By DONNA URSCHEL
Robert Frost once remarked, “Poetry is what gets lost in translation,” and many literary types find translation to be a near-impossible task. For Poet Laureate Charles Simic, however, translating poetry from other languages, mostly Eastern European, is an activity filled with passion and dedication.
Simic, in his final appearance as U.S. Poet Laureate Consultant in Poetry, presented a lecture “The Difficult Art of Translation” in the Montpelier Room at the Library of Congress on May 8.
“I wanted to talk about translation because it is something that I have done for close to 50 years, and I have some ideas about translation and its difficulties,” Simic said. “People have said that translation is a labor of love, and it is, because nobody gets paid very much for translating anything.”
Simic, who has written 20 volumes of poetry in English and 13 books of poetry translations, first explained the argument of the naysayer. “Many things have been said against translation: Translation is impossible. How can one translate poetry?” After all, he said, it is true that the genius and character of people are contained in the language they speak; imagination is rooted in language, geography and culture of a land; and no two languages share identical context.
“Can one translate a culture, its world view, its metaphysics? There exists not only idiomatic language and idiomatic imagination, but the accumulative effect of idiomatic usage. How can it be translated? Can one convey in another language what is of immediate value to a native reader?” This line of thinking, said Simic, is the usual argument against translation.
The argument in defense of translation is called the utopian view. “Every culture in the world is enriched by another country’s literature,” Simic said. “Translators were the first multi-culturalists, looking at other languages and other traditions and finding something that they wanted to translate and share.”
Simic added, “Even in this claim that to translate poetry is impossible, I find an ideal situation. Poetry itself is about the impossible. All arts are about doing the impossible. That’s they’re attraction. How does a poet take an experience, big or small, and convert it into 14 lines? But it’s done.”
Simic started translating as a senior in high school, soon after he immigrated to America from Yugoslavia in 1954. He ran across poems in the Serbian language that he wanted to share with his friends. The first poem he translated was “The Message of King Sakis and the Legend of the 12 Dreams He Had in One Night.”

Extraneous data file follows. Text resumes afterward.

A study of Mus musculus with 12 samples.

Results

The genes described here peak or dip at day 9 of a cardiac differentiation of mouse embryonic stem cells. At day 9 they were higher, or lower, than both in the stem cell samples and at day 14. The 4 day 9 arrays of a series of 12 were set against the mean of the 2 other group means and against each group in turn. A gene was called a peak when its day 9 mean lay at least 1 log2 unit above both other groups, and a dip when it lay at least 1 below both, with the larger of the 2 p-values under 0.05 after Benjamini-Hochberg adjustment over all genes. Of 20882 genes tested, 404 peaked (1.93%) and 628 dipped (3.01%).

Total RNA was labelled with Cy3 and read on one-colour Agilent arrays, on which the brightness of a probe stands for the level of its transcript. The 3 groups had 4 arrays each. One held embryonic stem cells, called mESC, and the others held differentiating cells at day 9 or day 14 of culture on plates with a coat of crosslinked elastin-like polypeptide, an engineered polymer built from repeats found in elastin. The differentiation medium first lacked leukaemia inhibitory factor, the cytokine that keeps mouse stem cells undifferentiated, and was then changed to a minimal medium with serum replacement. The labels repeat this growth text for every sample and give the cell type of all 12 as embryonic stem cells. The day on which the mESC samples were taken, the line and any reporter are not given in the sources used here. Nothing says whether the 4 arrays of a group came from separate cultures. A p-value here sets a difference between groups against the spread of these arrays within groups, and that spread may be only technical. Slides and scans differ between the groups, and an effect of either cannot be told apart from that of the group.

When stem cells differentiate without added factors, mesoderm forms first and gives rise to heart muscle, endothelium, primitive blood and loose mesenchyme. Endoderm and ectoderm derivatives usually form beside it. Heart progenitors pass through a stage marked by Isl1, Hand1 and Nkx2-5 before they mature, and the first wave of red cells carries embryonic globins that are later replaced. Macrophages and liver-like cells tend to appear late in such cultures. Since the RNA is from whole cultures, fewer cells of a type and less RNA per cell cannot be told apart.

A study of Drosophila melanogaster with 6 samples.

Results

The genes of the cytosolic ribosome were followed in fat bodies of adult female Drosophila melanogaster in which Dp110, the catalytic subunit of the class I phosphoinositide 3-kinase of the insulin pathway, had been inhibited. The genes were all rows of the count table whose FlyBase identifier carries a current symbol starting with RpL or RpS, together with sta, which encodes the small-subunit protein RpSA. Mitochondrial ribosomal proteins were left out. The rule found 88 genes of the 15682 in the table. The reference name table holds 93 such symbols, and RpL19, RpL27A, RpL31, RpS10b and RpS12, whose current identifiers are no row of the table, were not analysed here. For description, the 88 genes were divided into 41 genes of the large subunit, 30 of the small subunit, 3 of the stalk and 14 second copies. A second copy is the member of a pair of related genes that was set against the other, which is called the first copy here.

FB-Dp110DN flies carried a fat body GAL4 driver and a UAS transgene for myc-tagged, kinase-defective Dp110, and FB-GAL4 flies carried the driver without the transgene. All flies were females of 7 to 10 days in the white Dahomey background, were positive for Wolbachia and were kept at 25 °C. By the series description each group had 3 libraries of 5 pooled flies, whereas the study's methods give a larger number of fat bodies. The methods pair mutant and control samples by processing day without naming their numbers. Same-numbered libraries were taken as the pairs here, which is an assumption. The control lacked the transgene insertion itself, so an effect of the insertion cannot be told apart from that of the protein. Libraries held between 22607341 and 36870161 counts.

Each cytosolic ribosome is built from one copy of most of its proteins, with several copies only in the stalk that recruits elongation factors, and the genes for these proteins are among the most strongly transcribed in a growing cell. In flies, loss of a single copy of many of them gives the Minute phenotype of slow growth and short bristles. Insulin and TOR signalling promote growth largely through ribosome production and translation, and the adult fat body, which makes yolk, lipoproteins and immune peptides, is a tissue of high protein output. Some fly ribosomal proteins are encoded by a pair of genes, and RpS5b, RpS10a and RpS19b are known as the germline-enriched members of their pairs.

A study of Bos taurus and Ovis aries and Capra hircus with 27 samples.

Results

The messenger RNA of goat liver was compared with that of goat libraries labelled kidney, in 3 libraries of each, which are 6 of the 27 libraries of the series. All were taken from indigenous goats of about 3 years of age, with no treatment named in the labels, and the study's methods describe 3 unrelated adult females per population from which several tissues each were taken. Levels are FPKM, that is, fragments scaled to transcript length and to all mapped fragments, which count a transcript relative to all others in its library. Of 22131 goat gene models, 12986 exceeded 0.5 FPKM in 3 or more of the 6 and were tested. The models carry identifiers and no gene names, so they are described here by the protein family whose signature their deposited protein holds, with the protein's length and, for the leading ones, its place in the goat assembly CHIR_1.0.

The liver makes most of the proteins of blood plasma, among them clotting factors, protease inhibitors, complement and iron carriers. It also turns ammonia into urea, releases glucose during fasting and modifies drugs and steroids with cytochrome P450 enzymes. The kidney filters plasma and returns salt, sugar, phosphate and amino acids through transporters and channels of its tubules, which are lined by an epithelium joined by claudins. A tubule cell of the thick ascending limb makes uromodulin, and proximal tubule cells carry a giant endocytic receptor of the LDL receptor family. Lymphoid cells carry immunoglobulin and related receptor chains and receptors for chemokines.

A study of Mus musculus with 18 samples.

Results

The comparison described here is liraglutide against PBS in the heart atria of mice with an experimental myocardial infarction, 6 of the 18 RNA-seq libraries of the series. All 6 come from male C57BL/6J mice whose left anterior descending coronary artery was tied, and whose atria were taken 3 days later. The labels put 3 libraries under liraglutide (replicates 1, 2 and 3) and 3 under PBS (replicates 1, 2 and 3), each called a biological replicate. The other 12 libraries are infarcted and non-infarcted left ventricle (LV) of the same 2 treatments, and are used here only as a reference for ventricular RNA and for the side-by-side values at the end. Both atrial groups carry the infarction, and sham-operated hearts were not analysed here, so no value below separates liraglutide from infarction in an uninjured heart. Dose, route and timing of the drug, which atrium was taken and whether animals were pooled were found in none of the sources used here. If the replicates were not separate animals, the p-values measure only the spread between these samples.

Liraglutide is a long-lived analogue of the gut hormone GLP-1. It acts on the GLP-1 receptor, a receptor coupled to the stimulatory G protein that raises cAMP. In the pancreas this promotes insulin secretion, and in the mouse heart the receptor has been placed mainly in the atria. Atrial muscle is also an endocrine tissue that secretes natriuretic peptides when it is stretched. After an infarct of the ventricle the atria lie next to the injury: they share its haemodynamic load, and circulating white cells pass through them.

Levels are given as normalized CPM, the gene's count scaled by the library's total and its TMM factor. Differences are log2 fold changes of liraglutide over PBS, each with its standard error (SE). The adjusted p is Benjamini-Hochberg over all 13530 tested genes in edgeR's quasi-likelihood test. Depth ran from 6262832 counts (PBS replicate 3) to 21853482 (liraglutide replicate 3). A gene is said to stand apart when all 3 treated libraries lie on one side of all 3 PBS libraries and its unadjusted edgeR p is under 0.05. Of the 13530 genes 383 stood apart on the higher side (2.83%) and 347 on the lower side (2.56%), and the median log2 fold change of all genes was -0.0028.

His translating activity pick up in 1960, when he moved to New York City and spent a lot of time at the New York Public Library. He said, “I discovered the Slavic Section.”
Translating poetry is an “act of love, an act of supreme empathy,” Simic said. “I was astonished as I got deeper into translating, the way I could dismantle a poem to a particular degree that I never did as a teacher of literature. I love the close, meticulous readings. Translating is like being a medium, standing in the shoes of the person you’re translating; one becomes another. It is the closest possible reading of a literary text.”
According to Simic, lyric poetry is the toughest, hardest to translate. “It’s formally concise and doesn’t have much subject matter. In a lyric poem, little is said and much is meant. What you experience in a lyric poem is entirely determined by the language.”
Simic read several of his favorite translations. The poems are included in Simic’s book “The Horse Has Six Legs: An Anthology of Serbian Poetry” (1992). They included “Questionnaire of Sleeplessness” by Miodrag Pavlovic; “Outhouse,” “Monastic Outhouse” and “Out in the Open” by Aleksandar Ristovic; “To Phaedrus” by Jovan Hristic, and “The Little Box” by Vasco Popa. An excerpt from “The Little Box”:
… The little box remembers her childhood
And by a great longing
She becomes a little box again
Now in the little box
You have the whole world in miniature
You can easily put in a pocket
Easily steal it lose it
Take care of the little box
At the beginning of the lecture, Simic told the audience that he thoroughly enjoyed his year as U.S. Poet Laureate. “I grew to admire this institution, this library, the Library of Congress. I spent my entire life—the serious life, the life that I value—in libraries. I started when I was a kid, continued as a young man and I still go to libraries. To come to the ultimate library, the world’s greatest library, to be working with idealists dedicated to preserving this noble institution is a great, great honor,” Simic said.
He finished the lecture (available at www.loc.gov/webcasts/) by reading one of his own poems, “In the Library,” from his volume “The Voice at 3 A.M.” (2003). An excerpt:
… Now the sun is shining
Through the tall windows.
The library is a quiet place.
Angels and gods huddled
In dark and unopened books.
The great secret lies
On some shelf Miss Jones
Passes every day on her rounds
She’s very tall, so she keeps
Her head tipped as if listening
The books are whispering.
I hear nothing, but she does.
Donna Urschel is a public affairs specialist in the Library’s Public Affairs Office.